Why is it that some system conversions go well, and some don’t? In my experience, the issue always seems to be more about the personnel than about the product. Ultimately it comes down to the quality of people and whether they have an adequate understanding of the impact of the project on the business. Given that firms change their major business system every 10+ years, it’s highly unlikely that they have the right staff with the right skills and the bandwidth to take on these projects. So how do you address these two critical areas? Invest in two key roles for the duration of large-scale initiatives: a senior-level programme director and a change management expert. Here’s why.
The importance of a senior-level programme director
Many firms walk into system conversion projects without a full appreciation of the effort involved and the quality of that effort. Often they’ll hire a project manager, perhaps a junior-level person, and are then shocked when the project takes longer and costs more money than anticipated – in many cases causing disputes with the software vendor. But if you don’t have excellent people in key roles, swapping-out a major business system like a PMS or ERP is going to be a difficult and traumatic project for all concerned.
The purpose of a programme director is threefold; to manage the overarching project strategy and decision making with the firm’s partnership and executive committee; to manage the project steering board and run tactics with the team delivering the solution within the firm; and also to be the firm’s point of contact for the vendor. This last point is crucial. The person filling this role should be an expert who is able to liaise with the software supplier and already know the supplier’s people and product extremely well.
That’s way more than a typical project manager’s role in terms of the skills and experience required!
During a PMS/ERP project, you have a number of key stages and decisions that have to be made to move the project forward. If you don’t make those decisions – guess what? The project doesn’t concertina and the go-live date keeps getting pushed out! Firm management needs to understand the consequence of not making important decisions within a specific period of time. The person in the programme director role needs to deliver this message and manage that group – which is a challenging environment to be in. Therefore, you need a person that can operate at that level, to mix with CFOs, CIOs, executive directors, and managing partners. This is absolutely not a job for a junior-level person.
Many firms will task senior-level people to work on the project in line with their day job. But it’s not very realistic for a financial consultant to be able to carve out loads of their ‘business as usual’ time for a system swap out. A better approach is to have the aforementioned programme director work with the internal subject matter and process experts to ensure that they are involved in the correct way. Yes, it’s an additional investment, but given the overall investment in the project, the level of scrutiny that will be on it, and the downside of it not going well – surely it pays huge dividends to have an expert keeping your project within scope and on schedule.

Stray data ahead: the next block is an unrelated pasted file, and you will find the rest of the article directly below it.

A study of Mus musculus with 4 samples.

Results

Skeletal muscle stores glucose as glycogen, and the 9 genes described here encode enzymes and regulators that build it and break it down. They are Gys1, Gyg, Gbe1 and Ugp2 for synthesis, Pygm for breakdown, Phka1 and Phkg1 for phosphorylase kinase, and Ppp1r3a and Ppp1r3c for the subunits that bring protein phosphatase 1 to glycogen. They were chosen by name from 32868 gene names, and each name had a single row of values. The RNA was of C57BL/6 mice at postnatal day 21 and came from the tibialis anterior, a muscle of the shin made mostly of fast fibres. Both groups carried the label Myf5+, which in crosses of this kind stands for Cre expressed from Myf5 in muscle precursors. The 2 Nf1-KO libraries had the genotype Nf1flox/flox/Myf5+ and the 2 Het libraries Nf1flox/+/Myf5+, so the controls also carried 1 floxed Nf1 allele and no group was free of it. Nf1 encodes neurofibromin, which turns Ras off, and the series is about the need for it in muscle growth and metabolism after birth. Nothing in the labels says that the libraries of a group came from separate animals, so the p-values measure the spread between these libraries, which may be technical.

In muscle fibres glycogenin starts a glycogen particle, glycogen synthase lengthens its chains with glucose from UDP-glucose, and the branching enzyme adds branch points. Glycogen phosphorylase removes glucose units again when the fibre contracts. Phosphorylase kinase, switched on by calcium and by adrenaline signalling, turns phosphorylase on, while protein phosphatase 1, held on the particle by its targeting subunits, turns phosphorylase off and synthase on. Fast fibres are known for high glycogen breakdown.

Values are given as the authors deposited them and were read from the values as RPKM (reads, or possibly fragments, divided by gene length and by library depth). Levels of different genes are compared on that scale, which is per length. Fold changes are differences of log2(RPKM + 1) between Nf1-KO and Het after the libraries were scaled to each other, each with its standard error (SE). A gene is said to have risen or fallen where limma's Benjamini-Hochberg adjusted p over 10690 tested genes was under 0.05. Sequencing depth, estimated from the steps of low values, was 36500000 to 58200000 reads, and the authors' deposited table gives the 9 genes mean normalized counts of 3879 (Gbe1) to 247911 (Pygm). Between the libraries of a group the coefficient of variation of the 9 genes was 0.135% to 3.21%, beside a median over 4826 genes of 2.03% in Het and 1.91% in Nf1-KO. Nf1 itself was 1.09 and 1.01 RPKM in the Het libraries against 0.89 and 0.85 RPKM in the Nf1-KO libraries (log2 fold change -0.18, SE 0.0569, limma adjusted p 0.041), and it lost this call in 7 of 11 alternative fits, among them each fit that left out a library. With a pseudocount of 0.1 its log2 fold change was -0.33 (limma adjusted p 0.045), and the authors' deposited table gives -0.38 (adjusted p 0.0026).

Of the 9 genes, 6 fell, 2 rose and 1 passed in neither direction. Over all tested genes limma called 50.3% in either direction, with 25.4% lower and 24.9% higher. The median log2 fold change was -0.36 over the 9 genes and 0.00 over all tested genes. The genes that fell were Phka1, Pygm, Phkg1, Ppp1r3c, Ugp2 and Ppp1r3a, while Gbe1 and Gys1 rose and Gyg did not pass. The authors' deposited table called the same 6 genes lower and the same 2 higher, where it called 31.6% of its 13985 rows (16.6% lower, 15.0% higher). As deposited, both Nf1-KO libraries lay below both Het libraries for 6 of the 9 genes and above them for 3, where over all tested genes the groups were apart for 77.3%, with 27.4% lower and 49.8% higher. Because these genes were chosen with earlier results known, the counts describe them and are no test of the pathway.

How investing in a change management expert pays off
Another key role is a change management expert who manages the journey as the project develops, through the implementation, and critically beyond go live. If you’ve worked on an implementation, you’ll know that typically only a very small group of people are engaged in the software selection process. Sometimes you invite a broader group to participate in demos. But the emotional journey of deciding what to do and how to do it is actually only gone through by a small number of people relative to the firm’s size and the number of staff.
Without an active change management process, the day you go live, you suddenly take everybody else on that journey. If they’ve had little to no preparation for it, things could get dicey. You’ll have a number of people with no idea why the firm made the software change and who have not invested any real time and effort into understanding what was coming. The firm may have signed up for a vanilla and chocolate sundae, but if your users thought they’d also be getting chocolate flakes and whipped cream on top with some crushed nut sprinkles, once the software goes live, they will almost certainly resist using it – and those folks can quickly spread negativity. With a change management expert, you can start that process early and help reinforce a lot of the messaging about why you’re implementing the software and what makes it different and better.
Relying on consultants to fill the gap
Clearly, who you have in key roles influences the outcome. That’s why these two project assurance roles are incredibly important. If you don’t have these resources on staff at your firm then the solution is to fill these roles with reputable consultants.
As the saying goes – fail to prepare, prepare to fail. If you go into these projects without fully preparing, or if you don’t normally do these projects and you don’t have expertise around you to help you to prepare for it, then sadly you’re most likely going to have a very challenging time. Everyone will get a bad experience. However, if you rely on the right resources, you can adequately prepare for the project and see it through to completion. That’s what we call ‘The Wilson Way’!